KUALA LUMPUR (March 23): IBM will be shutting down its Global Delivery Centre located in Cyberjaya, Selangor on May 31 — seven years after it was first opened in February 2014.
"As part of IBM's continual review of the most efficient way to source our products and services, our global centre supporting client information technology (IT) infrastructure in Malaysia will close on May 31. There is no impact on other IBM operations in Malaysia," an IBM spokesperson told The Edge.
Aside from its Cyberjaya operations, IBM also has a head office located in Bandar Utama, Petaling Jaya.
"IBM remains committed to Malaysia and will continue to focus on building its capacity and capability to help our clients on their hybrid cloud and AI (artificial intelligence) journeys; and the nation in its pursuit to be a knowledge-based society as set out in the Digital Economy Blueprint," the spokesperson added.
However, the spokesperson declined to disclose how many jobs will be lost as a result of the closure of the Cyberjaya centre.
IT professional circles in Malaysia have been abuzz with news of IBM's Cyberjaya centre closure, with messages on online forums claiming that the shutdown will put over 1,000 employees out of work.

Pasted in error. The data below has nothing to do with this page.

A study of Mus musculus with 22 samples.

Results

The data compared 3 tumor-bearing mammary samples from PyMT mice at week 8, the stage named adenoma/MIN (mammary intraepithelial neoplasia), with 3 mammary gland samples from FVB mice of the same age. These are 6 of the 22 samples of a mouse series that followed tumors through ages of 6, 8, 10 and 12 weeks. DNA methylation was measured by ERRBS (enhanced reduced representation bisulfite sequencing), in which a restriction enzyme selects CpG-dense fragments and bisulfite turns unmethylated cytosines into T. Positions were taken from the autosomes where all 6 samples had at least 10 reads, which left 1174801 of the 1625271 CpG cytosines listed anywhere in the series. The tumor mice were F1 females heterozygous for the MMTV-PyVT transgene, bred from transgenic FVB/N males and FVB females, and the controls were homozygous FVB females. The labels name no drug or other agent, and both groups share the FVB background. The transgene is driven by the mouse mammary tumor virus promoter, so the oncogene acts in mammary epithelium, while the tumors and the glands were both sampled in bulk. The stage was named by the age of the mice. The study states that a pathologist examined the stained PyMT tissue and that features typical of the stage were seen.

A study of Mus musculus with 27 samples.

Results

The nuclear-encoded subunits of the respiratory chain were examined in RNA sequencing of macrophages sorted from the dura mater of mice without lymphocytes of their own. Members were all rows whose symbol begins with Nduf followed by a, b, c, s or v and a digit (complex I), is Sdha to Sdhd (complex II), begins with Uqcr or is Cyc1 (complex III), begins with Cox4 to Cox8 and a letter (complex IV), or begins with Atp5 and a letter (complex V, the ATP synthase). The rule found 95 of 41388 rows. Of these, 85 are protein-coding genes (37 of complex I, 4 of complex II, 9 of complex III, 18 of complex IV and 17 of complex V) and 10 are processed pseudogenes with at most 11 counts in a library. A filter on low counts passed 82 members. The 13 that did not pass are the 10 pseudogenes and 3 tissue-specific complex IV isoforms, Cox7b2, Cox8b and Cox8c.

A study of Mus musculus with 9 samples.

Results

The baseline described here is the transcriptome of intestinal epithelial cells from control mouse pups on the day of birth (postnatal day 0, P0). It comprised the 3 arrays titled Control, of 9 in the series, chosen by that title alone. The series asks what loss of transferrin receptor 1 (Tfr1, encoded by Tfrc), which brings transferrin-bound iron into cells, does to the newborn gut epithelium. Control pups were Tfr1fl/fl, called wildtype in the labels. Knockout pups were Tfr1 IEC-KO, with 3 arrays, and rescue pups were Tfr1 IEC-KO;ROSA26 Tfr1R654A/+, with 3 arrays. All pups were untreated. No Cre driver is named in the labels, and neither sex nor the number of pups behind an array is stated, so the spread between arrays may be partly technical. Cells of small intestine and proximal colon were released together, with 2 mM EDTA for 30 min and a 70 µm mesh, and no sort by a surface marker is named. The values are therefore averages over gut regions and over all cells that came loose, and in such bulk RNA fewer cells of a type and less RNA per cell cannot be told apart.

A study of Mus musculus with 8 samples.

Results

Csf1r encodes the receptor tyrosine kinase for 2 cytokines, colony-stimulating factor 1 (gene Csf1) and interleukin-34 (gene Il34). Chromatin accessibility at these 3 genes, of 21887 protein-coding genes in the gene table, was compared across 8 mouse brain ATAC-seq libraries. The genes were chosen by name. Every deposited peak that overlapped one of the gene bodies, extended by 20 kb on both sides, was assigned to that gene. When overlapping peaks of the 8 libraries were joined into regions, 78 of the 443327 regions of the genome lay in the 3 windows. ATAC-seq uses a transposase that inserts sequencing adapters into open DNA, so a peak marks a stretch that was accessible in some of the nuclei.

Many are understood to have started submitting their job applications to other IT companies in the country.
Meanwhile, operations at IBM's head office located in Bandar Utama, Petaling Jaya will continue to operate as usual.
IBM was one of the first technology companies to invest in Cyberjaya. Back in 2011, former Malaysian prime minister Datuk Seri Najib Razak announced the American multinational company, which is listed on the New York Stock Exchange, would be investing RM1 billion to develop the Global Delivery Centre in Cyberjaya. Najib also said then that the centre was expected to create 3,000 skilled jobs.
According to a 2014 article by Digital News Asia (DNA), IBM's Global Delivery Centre in Cyberjaya delivered high value services to clients in the areas of software platform management, server systems operations, security and risk management, and project management.
The centre also supported IBM's cloud services, including the provisioning and management of IBM SmartCloud Enterprise + (SCE+) solutions, designed for running critical enterprise workloads, such as enterprise resource planning and customer relationship management (CRM) applications, DNA reported.
IBM is not the first multinational to exit Cyberjaya in recent months. According to a report by telecoms news provider TelcoTitans, German IT company T-Systems sold its business in Malaysia to private investment holding firm Quintephi Sdn Bhd at the end of November last year.
"The transition is expected to be completed in mid-2021, at which point T-Systems will no longer have a presence in the country. T-Systems had more than 800 employees in Cyberjava in 2019," the report said.